When I moved here, I did not know what would happen if the power went out. If anything I probably thought like a hospital, the facility's generator would take over and we residents would not know the difference. However, during that first spring storm's power outage, I found out that was not the case. I was surprised that the generator did not light one light in my room or bathroom. I had to head for the hallway in order to see.
The hallways and nurses' stations were adequately lit by the generator which powered every other ceiling light. The kitchen had sparse light and a gas range was available when the power was out. The dining rooms were lit sporadically and there was no light at all in the shower rooms. There were three generator plugs on each unit where necessary medical equipment could be powered.
The aides had a tougher job taking care of us in very little or no light. For reasons unknown, there were few batteries, flashlights, and no battery operated lanterns available for use during a power outage. The aides had to be frustrated. I have a manual crank for my power bed which I offered to other residents. However, I seldom had any takers. The residents must end up sleeping in whatever position their beds happen to be in.
Today our residents have air beds, oxygen concentrators, infusion IV pumps, nebulizers, and other equipment that they need to use even when the power is out. It is quite difficult to move residents to the generator plugs so their air beds will work. For many it is impossible and extension cords have to be plugged into the hallway generator plugs so that power can be brought to their rooms.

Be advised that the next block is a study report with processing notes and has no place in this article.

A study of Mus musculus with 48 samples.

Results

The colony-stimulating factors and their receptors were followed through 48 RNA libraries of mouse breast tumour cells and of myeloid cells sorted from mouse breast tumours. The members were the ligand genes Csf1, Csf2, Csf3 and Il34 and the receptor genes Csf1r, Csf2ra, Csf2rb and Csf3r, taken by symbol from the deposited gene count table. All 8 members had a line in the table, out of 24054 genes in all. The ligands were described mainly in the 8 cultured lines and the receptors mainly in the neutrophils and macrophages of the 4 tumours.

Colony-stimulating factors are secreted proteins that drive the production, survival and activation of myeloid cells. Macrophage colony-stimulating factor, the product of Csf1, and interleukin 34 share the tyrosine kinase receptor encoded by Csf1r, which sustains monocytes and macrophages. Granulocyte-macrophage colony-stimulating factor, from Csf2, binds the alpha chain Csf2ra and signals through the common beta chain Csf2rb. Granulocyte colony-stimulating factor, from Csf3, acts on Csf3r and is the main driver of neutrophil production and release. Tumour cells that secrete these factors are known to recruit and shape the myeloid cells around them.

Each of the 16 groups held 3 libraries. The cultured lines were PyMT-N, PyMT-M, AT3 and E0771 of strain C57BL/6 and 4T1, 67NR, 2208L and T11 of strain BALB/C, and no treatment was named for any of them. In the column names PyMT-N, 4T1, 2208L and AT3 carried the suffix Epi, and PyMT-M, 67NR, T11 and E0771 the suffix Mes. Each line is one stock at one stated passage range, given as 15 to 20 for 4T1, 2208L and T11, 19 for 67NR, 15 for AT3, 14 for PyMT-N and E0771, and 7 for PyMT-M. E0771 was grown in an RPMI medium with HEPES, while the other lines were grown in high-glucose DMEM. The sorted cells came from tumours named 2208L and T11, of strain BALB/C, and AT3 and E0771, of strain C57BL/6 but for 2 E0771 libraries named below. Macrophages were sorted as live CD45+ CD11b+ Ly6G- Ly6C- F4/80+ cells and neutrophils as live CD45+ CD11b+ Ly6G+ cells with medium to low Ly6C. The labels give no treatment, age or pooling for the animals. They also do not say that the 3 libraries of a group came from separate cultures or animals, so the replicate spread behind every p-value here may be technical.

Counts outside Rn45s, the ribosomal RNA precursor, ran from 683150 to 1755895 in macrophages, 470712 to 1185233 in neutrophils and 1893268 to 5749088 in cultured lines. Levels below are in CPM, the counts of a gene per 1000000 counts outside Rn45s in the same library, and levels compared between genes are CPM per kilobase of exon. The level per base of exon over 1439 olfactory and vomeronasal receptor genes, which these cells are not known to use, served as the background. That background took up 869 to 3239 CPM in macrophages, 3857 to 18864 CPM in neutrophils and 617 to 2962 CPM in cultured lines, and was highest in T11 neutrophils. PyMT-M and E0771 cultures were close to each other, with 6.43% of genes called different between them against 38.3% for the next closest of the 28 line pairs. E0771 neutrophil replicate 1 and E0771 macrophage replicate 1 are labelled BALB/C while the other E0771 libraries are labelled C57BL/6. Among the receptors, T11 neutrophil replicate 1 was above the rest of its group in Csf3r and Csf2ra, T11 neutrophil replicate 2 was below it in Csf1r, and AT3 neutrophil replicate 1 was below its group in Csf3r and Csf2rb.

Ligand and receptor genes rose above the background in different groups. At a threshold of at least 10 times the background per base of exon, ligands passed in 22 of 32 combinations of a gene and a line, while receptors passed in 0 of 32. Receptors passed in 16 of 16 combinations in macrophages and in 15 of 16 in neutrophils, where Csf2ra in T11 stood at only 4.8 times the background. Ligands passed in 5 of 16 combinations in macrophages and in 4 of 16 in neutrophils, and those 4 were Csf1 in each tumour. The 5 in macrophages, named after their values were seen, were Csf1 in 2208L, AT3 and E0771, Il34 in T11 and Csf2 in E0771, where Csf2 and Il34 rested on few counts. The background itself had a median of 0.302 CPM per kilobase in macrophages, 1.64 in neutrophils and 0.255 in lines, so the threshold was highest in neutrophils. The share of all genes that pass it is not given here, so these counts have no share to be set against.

If the power goes out at night, younger residents or those who are bedfast complain that there is nothing for them to do in their rooms. The facility could make battery-operated radios available. But there are not many of those. During a daytime power outage, when the sun's light illuminates the building, it is much easier to maneuver in our rooms. However, opening the draperies during the day does not allow the residents much privacy.
The facility generator is probably what is required by the regulations, yet I do not think that the generator is adequate. It would not heat or cool this facility if a power outage were prolonged. In February 2007, we had a bad snowstorm and power outage. The power company said that it might be four to five days before the power would be back on. The facility leased a generator for a few days and it provided total power to the building. We were very grateful that we had it since it was very cold, then we heard rumors that the facility might purchase a larger generator. But that did not happen.
Since we are on the brink of spring and summer storms, we hope the power will not be out too often or for very long.